The Blood and Guts of an Army Divorce

Whomever said “War is Hell!” could have been speaking of an Army divorce, as well.

As an Army veteran and then later an Army spouse, the correlation between being a soldier and being a dependent are very similar. When a soldier “signs on the dotted line”, their life is no longer their own.  They transition- often through physical and emotional duress- from civilian into soldier.  Every soldier’s basic needs are met through the Army, they need food- they go to the mess hall, they need shelter- they’re assigned barracks, they need clothing- they’re given a uniform.  A soldier doesn’t have a private life while serving in the Army.  A soldier literally gives their life to the Army- so what’s yours is mine and what’s mine is yours should more accurately be what’s mine is the Army’s and what’s yours will be the Army’s as well.  When you marry a soldier you become a dependent- a label I still despise.  But factually speaking, you are the dependent of a soldier who’s basic needs are met by the Army, to the Army you’re just another mouth to feed. I used to joke with my soon to be ex-husband when we argued about the overwhelming role the Army played in his daily life that the Army should have assigned him a better wife!  It wasn’t difficult for me to understand this influence, having been a soldier myself.  I had a drill Sgt. that explained it best- “Being a soldier is a 24/7 responsibility.  No matter where you are in the world, you represent the Army in all your actions and words- so choose them carefully. Know that the Army is you and you are the Army!

What they don’t tell you when you marry a soldier is that your life will be regulated, ordered and provided for by the Army through your soldier.  You will have access to all of the privileges which will include health care, housing, a commissary for groceries, access to discounts, and even educational benefits.  You will even have the honor of knowing you’re supporting your soldier in times of war.  What they fail to print in the brochures is that all of this comes at a hefty price.  You’ll have to accept deployments and long absences for duty as the norm,  you’ll be expected to keep a neat home that you’ll uproot and move every three years or so without much support, you’ll become a geographical widow as your spouse will miss all of the important milestones of a regular marriage because duty calls, and if God forbid the worst should happen you’ll become caretaker to an injured soldier with little to no support from the Army.  Being an Army wife is not only a full-time job, it’s a calling.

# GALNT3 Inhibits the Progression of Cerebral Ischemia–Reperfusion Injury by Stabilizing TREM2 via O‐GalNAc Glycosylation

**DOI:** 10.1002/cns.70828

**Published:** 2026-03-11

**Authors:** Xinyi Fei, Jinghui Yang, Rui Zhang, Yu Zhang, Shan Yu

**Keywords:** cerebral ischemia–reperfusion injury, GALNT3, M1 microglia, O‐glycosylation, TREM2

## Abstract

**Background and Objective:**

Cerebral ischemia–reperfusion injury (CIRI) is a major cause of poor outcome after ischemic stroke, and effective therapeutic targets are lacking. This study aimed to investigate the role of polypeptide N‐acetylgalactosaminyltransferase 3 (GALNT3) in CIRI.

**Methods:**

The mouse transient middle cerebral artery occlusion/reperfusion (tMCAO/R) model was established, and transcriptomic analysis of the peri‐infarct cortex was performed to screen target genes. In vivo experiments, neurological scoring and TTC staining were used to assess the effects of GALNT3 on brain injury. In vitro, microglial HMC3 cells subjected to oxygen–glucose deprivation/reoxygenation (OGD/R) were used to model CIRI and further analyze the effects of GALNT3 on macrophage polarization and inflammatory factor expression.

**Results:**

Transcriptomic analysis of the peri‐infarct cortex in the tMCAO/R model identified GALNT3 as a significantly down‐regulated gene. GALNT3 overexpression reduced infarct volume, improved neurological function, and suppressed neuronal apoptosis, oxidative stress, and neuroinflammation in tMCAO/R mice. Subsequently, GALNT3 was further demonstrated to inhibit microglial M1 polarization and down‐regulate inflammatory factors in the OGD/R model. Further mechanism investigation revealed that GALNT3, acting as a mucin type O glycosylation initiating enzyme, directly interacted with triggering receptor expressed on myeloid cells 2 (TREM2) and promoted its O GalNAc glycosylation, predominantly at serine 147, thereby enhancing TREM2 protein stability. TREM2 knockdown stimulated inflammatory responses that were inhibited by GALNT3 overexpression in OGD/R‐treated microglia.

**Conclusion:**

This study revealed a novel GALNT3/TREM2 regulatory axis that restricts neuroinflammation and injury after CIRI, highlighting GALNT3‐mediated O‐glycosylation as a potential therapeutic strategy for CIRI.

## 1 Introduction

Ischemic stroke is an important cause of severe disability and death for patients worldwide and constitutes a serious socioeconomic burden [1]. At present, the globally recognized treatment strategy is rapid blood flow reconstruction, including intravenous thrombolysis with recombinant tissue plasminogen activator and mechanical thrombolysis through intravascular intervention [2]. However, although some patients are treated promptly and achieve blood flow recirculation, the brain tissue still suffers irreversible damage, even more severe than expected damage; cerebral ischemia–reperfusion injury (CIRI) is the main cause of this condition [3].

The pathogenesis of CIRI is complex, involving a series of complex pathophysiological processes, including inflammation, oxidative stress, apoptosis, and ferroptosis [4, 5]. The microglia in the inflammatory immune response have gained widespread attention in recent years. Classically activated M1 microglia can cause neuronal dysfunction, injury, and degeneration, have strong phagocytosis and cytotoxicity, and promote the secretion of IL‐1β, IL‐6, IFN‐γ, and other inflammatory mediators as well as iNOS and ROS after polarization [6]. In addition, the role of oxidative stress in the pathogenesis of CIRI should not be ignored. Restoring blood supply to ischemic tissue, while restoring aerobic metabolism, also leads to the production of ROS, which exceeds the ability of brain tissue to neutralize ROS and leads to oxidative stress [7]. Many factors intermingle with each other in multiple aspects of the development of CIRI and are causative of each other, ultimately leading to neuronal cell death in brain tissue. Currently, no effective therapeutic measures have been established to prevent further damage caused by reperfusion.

I watched during 14 years of marriage countless other women (and a few men) struggle against the rules, regulations and stress of being an Army spouse.  I got pretty good at being able to tell which girlfriends or new brides would survive and which ones were doomed.  It came down to a simply choice- either accept the reality of your marriage or fight a losing battle against a literal Army of opposition.  There is a protocol, a rule, a regulation or a cultural norm for everything in the Army.  From how a soldier wears their uniform to what greeting to give a general at a military ball.  The bad thing is that there is no Basic training for Army spouses, you either learn it on your own or rely on other spouses to help teach you.  Those women who were open to learning usually had marriages that lasted, those who believed it was all unnecessary posturing didn’t last long.  I was one of the lucky ones, having served myself I understood that balance could be achieved.  But balance comes at a price as well. Those of us who survive a military marriage find a balance between a happy marriage and the obligations of the Army.

What happened to me probably isn’t typical or maybe it is.  For 14 years my life has been focused on the needs of the Army and the needs of my soldier.  I set aside my own needs, my own dreams and my own aspirations to follow my soldier.  I worked overtime to keep my marriage together, to honor my commitments to the Army and my marriage.  The scariest part of all of this is that once I’m divorced… my ties to the Army end as well.  Not only am I losing my marriage, but I’m losing the institution that has provided for my physical well being the last 14 years. As my soon to be ex-husband faces his military retirement I can only imagine it’s a similar process.  The difference being that he’ll have an Army transition officer guiding him through the maze of a new life.  I have no guide.

I don’t know yet how to handle this.  I don’t know how to be anything other than an Army wife.  And just as there was no Basic Training to prepare me for an Army marriage, there is no transition office to prepare me for an Army divorce.  It’s one of the great injustices of Army life… no one to help you enter it, and no one to help you exit it.   As military spouses we rely on each other- we hopefully (not always) support each other in times of hardship.  It saddens me to know that by ending this marriage, I’ll no longer be a member of that group- I’ve already lost friends because I won’t be carrying that ID card anymore. But I think it’s time we opened ourselves up to the discussion of this aftermath- I know there are a lot of ex-military wives.  Maybe we should start referring to ourselves as veteran wives… even if we don’t have the same privileges as a veteran, we’ve faced our own battles.  We’re not just an ex-wife, we’re an ex-military wife… we’re a Veteran wife!